Related: "Ease HTML5 Web Development with jQuery, Knockout, and Modernizr Libraries"

As someone who's nominally supposed to be on the bleeding edge of technology and has got the scars to prove it, sometimes I’m a little slow to adopt new technologies. Many years ago, I truly was a technology generalist, at least in the Microsoft world. I was familiar enough with different technologies that I could jump into client projects with some measure of confidence and competence. I also helped write numerous articles in several different journals on those technologies. This career strategy was inspired by my uncle John R. Kiely, who back in the day was a senior executive with Bechtel Corporation, an international engineering and construction company. Over a campfire on a long backpacking trip in the Sierra Nevada mountains in my youth, he said that one of his secrets was to know a little about everything in civil engineering, so that when a client needed help with something, then he could quickly get up to speed on the details of that one thing and provide great service, seizing opportunities when they appeared.

But I’m afraid that those days are long behind me. Staying completely current in the Microsoft world might be considered impossible for any one person or a small talented team. So the last few years I’ve mostly focused on my core competencies, which include web and database development, and even that niche is hard to keep up with.

Related: "Using MVVM in JavaScript with Knockout"

All of this is a mildly long-winded way of getting to the point that JavaScript libraries and frameworks is an area where I’m finding it nearly impossible to keep up. There are just too many high-quality tools appearing every day. Some tools are for fairly narrow or specific purposes and others provide a comprehensive framework that support building comprehensive, enterprise-scale applications (I’m looking at you, Angular!) that require significant buy-in to their ways of doing things but with significant benefits if you do. I have my regulars, most notably jQuery, that I use all the time for obvious reasons, but I didn’t spend too much time playing the field. And if I didn’t have resources like John Papa’s blog, as well as Dan Wahlin and his new Web Weekly newsletter, then I probably wouldn’t have a clue about what’s new and upcoming.

That’s why I missed out on learning and using Knockout for so long. Sure, I was generally aware of it and tiptoed around it in new ASP.NET web project templates that included it, but until too recently I hadn’t done anything meaningful with it. Partly this was because I was seduced first by jQuery templates and their successors-apparent, JsRender and JsViews. Alas, the jQuery Foundation cut loose on templates a while back, and JsRender and JsViews seem to have lost steam. So when I started a new project recently, I decided it was time to give Knockout a try. And very soon kicked myself for taking so long to give it a try in a real project!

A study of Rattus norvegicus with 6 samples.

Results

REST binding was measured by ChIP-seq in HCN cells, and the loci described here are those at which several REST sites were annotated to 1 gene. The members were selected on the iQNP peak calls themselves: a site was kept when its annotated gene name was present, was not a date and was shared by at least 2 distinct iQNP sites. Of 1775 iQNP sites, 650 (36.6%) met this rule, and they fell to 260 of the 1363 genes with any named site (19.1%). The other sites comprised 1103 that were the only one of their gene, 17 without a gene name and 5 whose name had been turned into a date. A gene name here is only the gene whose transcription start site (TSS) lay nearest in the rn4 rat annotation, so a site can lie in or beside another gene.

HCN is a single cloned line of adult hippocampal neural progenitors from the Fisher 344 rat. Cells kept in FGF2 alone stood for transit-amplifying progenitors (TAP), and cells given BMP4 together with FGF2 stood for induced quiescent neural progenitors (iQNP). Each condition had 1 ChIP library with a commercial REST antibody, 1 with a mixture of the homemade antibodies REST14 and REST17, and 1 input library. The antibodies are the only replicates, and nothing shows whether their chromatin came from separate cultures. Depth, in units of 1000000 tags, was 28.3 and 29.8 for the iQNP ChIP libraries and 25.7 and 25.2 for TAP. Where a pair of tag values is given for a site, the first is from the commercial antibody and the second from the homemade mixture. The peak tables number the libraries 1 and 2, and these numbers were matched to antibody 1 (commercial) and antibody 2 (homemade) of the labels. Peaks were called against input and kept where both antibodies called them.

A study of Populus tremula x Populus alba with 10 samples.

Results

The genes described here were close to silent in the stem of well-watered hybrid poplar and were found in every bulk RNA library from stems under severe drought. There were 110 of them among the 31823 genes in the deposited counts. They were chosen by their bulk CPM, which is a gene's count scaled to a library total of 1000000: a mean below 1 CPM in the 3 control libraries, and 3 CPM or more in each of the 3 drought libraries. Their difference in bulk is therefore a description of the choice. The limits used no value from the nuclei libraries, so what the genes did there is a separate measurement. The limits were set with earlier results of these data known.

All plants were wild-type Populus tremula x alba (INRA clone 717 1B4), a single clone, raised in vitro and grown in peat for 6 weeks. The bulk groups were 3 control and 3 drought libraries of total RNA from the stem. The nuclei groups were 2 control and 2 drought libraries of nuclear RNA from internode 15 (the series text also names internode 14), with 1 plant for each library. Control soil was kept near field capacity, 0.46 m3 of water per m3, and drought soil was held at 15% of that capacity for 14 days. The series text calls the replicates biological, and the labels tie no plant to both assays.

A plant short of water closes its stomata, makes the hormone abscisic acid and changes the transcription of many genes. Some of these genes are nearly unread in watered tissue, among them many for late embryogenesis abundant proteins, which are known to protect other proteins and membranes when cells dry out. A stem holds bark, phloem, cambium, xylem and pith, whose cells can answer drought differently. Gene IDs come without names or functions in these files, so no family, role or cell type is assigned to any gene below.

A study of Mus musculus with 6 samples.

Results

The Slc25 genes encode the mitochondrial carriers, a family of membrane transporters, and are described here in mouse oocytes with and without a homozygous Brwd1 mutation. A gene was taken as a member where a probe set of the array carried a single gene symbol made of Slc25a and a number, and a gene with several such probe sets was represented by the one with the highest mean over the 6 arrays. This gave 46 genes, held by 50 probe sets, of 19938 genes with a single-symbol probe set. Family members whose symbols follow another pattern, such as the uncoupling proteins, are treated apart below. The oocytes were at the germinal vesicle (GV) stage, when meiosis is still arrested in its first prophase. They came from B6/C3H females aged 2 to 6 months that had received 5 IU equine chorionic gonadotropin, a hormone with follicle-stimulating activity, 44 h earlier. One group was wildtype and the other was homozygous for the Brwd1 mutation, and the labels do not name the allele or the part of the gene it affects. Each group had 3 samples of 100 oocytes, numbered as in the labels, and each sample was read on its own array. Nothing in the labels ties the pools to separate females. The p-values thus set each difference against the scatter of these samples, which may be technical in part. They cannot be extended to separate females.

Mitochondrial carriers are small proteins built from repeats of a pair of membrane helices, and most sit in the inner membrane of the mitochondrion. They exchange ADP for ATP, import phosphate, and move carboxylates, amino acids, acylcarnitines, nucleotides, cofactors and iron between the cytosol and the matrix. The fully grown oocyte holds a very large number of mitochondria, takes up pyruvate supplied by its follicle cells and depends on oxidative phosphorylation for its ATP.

I’m a big fan of using MVC for web applications, so it took a little time to resort my brain cells and get my head around the MVVM (model-view-view model) used in Knockout. MVVM is certainly not new with Knockout, but my experience with it has been fairly limited so far. But as I studied the documentation and explored the interactive samples on the project’s website, I quickly started to appreciate just how elegant this solution is for binding data to HTML elements and templates. Knockout most certainly has a learning curve to it, but I’m pleased with just how logical it is put together and I love how easy it is to use with jQuery. It has rich support for various kinds of bindings, so you can bind data for display and editing, as well as to customize various events and attributes, all of which can implement two-way binding. Once I wrapped my head around Knockout, I just can’t imagine client-side data binding being any easier, flexible, or powerful for data-based applications.

Clearly, I need to pay more attention to what’s happening with JavaScript frameworks and libraries, particularly since I spend an awful lot of my time these days writing JavaScript, mostly for client applications. I see a lot of momentum continuing for Google’s AngularJS, so I think that one is next on the list to see if I can buy into its way of building applications. In the meantime, I’m going to be making a lot of use of Knockout.